Post April 13, 2011, 09:43:49 AM

Blue (As In An Early Frost) by Rob Hunter

A very confusing story, this one. I found it hard to follow on a first read, but much clearer once I had an idea of where it was going.

It’s not just a ghost story, it’s a temporally panoramic snapshot of the evolution of life in a small town. Dagnabbit, that sentence almost makes sense. Let me try again.

The story meanders through time and is told from the perspective of a 70 year-old woman who just came from the funeral home with her father’s ashes. It’s a retrospective on life lived, life wasted, and what footprints we leave behind in the interim. It’s really good stuff.

For the most part, I thought Libby was delusional as to being haunted, till her dad showed-up at the funeral home looking for his stuff.

There are themes here that I can sense, but not necessarily understand. Dust motes as miniature universes, and dust on the inside of the cathode ray tube of an old TV. (Impossible, actually, because if it were dusty in there, the thing wouldn’t work.)

Like all of Mr. Hunter’s work, the characters are alive on the page and way more complex than they have any right to be. They don’t just do and say things, they have reasons for their actions. They got to where they are in the story through a long and complicated process of things they did, and things they didn’t do. They are who they are because of compromises that are alluded to, but left to the reader to imagine.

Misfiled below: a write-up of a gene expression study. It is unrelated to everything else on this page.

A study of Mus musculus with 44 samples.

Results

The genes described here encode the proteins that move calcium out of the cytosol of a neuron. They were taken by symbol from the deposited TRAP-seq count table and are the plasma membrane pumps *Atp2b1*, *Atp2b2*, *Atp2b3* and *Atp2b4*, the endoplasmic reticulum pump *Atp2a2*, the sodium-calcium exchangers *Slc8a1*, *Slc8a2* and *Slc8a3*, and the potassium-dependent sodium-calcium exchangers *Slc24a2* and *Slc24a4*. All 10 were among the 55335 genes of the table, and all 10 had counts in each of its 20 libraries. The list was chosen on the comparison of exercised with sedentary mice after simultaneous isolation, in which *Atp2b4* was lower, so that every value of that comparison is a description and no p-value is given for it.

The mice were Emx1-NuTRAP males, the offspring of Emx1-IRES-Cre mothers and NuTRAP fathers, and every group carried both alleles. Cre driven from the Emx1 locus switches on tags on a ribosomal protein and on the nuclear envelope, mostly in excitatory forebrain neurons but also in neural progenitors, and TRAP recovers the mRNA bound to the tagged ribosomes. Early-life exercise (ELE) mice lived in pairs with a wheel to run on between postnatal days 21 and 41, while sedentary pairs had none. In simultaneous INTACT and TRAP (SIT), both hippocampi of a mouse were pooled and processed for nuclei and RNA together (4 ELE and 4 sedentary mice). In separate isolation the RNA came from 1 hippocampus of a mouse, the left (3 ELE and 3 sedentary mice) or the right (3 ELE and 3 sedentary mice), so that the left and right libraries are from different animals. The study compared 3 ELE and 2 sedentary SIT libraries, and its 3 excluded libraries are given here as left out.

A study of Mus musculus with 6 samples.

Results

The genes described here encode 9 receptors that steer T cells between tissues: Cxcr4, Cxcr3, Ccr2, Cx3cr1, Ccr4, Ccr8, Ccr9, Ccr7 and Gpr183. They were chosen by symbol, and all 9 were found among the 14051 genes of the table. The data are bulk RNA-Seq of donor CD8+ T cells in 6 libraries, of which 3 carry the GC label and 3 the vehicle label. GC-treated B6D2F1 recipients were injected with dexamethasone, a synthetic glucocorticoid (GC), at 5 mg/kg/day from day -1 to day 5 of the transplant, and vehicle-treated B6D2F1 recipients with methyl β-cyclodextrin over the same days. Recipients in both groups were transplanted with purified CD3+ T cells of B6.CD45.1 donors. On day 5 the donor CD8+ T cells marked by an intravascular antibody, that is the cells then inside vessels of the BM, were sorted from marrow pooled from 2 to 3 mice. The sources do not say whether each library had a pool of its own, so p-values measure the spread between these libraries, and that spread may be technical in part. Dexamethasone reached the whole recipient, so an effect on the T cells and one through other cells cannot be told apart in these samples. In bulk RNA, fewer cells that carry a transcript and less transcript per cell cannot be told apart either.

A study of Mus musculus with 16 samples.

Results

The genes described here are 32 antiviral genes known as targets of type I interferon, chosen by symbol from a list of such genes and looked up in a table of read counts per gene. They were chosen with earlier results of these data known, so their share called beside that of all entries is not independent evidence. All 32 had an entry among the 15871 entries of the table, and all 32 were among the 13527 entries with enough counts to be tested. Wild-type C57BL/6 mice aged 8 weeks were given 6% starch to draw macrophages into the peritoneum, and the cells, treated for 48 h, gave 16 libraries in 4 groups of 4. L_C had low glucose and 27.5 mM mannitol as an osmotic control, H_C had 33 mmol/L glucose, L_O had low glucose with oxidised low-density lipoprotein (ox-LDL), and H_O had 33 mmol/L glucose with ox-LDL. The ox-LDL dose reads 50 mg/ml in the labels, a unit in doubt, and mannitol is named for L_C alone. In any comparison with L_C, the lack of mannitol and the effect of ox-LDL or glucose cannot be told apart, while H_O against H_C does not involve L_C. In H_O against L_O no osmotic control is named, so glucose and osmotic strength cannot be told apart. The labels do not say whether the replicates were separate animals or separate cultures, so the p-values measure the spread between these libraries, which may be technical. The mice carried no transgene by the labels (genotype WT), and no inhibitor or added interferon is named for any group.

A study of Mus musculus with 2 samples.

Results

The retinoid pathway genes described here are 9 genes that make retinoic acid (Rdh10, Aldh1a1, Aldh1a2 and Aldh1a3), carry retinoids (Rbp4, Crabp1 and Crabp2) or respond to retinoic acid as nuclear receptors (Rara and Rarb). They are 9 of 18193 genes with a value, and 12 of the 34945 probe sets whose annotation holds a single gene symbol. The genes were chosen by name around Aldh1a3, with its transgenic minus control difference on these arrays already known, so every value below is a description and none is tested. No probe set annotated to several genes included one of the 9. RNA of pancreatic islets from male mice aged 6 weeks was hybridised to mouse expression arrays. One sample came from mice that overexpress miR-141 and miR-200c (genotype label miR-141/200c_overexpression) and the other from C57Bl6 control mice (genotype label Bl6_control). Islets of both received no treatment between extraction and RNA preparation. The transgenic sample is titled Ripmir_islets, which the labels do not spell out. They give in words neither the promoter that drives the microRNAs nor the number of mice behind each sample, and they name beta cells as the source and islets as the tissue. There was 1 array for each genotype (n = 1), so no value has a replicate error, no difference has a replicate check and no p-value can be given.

Mr. Hunter’s characters are inconsistent—just like real folks—and don’t even know why they do some of the things he makes them do. I mean. . .who would lie about liking anchovies?

Wait! Maybe that’s the only thing I truly understood in the tale.

Read it, folks. See if you can figure it out. The language is entrancing.

Bill Wolfe
"I am Susan Ivanova. . . .I am the Right Hand of Vengence. . .I am Death Incarnate, and the last living thing that you are ever going to see. God sent me."